Transforming the Teaching of Science

Changes in the way UMBC faculty are teaching introductory chemistry is not only increasing pass rates but creating more interest in chemistry.

Professors Ralph Pollack and William LaCourse came to Diane Lee, dean of undergraduate education, with concerns about student performance in Chemistry 101. The large lecture classes that usually contained over 200 students left little room for more than a handful of students to participate, and additional weekly recitation classes did not make a difference in student grades.

The Department of Chemistry, the Office of Undergraduate Education and the Shriver Center worked together to create the Chemistry Discovery Center, a problem-based, high-tech learning lab (University Center, Room 201) focused on cooperative learning. Two years later, pass rates in Chemistry 101 are increasing, fewer students need to repeat the class and faculty have seen additional improvement at all grade levels. The number of majors, second majors and minors in chemistry and biochemistry is growing. And an overall improvement in group skills is also migrating to upper-level chemistry classes.

"Science is a cooperative endeavor, not a solitary one," said Pollack. "In the Chemistry Discovery Center, students become active participants in the learning process, and we know that those who work in groups do better than those who work alone. It gets them thinking about problems and coming to their own conclusions. They're not just memorizing."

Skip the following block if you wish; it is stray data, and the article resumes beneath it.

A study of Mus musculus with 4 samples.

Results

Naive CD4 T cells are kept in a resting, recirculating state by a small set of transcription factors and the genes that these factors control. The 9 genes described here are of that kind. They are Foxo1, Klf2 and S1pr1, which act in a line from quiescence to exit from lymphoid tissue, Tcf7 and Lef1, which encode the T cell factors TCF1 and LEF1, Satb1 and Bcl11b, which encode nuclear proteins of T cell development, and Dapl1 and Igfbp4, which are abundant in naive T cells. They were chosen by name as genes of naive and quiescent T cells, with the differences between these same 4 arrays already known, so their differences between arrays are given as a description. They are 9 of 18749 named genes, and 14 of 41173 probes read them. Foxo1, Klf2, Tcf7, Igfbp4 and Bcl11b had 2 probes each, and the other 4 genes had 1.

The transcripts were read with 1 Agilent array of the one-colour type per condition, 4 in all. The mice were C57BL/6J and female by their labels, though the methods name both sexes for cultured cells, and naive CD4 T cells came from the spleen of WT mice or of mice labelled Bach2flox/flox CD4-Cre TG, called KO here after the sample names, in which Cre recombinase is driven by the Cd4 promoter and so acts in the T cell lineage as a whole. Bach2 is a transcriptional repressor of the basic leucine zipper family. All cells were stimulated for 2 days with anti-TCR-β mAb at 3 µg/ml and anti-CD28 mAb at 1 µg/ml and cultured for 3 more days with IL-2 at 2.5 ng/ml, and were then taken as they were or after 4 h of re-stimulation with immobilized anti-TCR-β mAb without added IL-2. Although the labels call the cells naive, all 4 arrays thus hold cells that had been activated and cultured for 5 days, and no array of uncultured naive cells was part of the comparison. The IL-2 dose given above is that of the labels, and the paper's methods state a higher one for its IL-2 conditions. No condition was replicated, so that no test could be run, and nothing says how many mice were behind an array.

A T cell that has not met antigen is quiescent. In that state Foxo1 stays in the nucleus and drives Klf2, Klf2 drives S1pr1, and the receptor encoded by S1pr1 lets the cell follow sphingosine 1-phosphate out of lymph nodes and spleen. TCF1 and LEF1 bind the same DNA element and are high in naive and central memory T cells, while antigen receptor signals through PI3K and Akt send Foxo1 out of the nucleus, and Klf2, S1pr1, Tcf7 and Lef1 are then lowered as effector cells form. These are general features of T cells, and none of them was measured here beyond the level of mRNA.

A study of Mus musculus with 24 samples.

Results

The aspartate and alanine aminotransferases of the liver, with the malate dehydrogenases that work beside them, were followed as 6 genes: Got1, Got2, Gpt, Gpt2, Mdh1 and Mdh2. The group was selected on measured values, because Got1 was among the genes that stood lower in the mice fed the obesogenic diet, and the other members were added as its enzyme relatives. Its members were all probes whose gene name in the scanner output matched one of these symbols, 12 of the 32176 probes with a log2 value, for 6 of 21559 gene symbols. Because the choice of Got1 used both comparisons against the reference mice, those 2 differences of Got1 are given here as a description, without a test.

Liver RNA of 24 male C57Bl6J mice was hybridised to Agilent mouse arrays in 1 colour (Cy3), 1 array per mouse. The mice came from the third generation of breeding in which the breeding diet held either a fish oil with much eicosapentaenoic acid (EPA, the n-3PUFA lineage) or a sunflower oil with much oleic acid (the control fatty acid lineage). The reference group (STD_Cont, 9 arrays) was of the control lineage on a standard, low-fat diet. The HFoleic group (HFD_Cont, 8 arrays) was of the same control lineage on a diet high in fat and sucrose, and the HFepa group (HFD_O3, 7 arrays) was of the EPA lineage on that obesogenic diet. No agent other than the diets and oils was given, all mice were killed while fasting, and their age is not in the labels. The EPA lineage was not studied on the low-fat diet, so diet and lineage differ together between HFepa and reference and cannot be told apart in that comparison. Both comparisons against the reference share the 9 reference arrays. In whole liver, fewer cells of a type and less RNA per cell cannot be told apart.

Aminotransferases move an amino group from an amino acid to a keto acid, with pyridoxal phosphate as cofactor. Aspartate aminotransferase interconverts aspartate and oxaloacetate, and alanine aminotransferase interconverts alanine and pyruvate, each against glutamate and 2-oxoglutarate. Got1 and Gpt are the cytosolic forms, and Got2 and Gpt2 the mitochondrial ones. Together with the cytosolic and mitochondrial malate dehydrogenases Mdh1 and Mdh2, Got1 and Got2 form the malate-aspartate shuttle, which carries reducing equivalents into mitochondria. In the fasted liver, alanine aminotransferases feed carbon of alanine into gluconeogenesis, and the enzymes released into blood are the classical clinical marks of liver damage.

During two-hour weekly sessions, students divide into groups of four, and receive worksheets to guide them in their development of the ideas and principles that form the basis of the unit being studied. Students take ownership of the group through rotating roles, from managing the group to computing and recording the information. Faculty and teaching assistants can send and view group work from a central monitor. (UMBC's Continuing and Professional Studies helped fund the lab's first year, while the National Science Foundation funded the second year.)

"You don't really understand the information until you are doing the problems yourself," said freshman Frances Andrada. "Working with your peers and helping each other makes it easier to remember the information."

"Students become more independent and responsible for their learning by developing critical work skills - teamwork, communication, management and self-assessment. It's another way UMBC provides students with an entrepreneurial skill set," added LaCourse.

Lee said that the Chemistry Discovery Center's success has sparked interest from other departments in science, technology, engineering and mathematics in creating similar labs. "It's wonderful to see students excited about solving problems. What's more, for those students who want to become teachers, it shows them firsthand how to make science more accessible."

UMBC and partners in the Chemistry Discovery Center will celebrate its success with a ribbon cutting and reception on May 11. President Hrabowski will begin the program at 9:30 a.m. in the University Center, Room 201.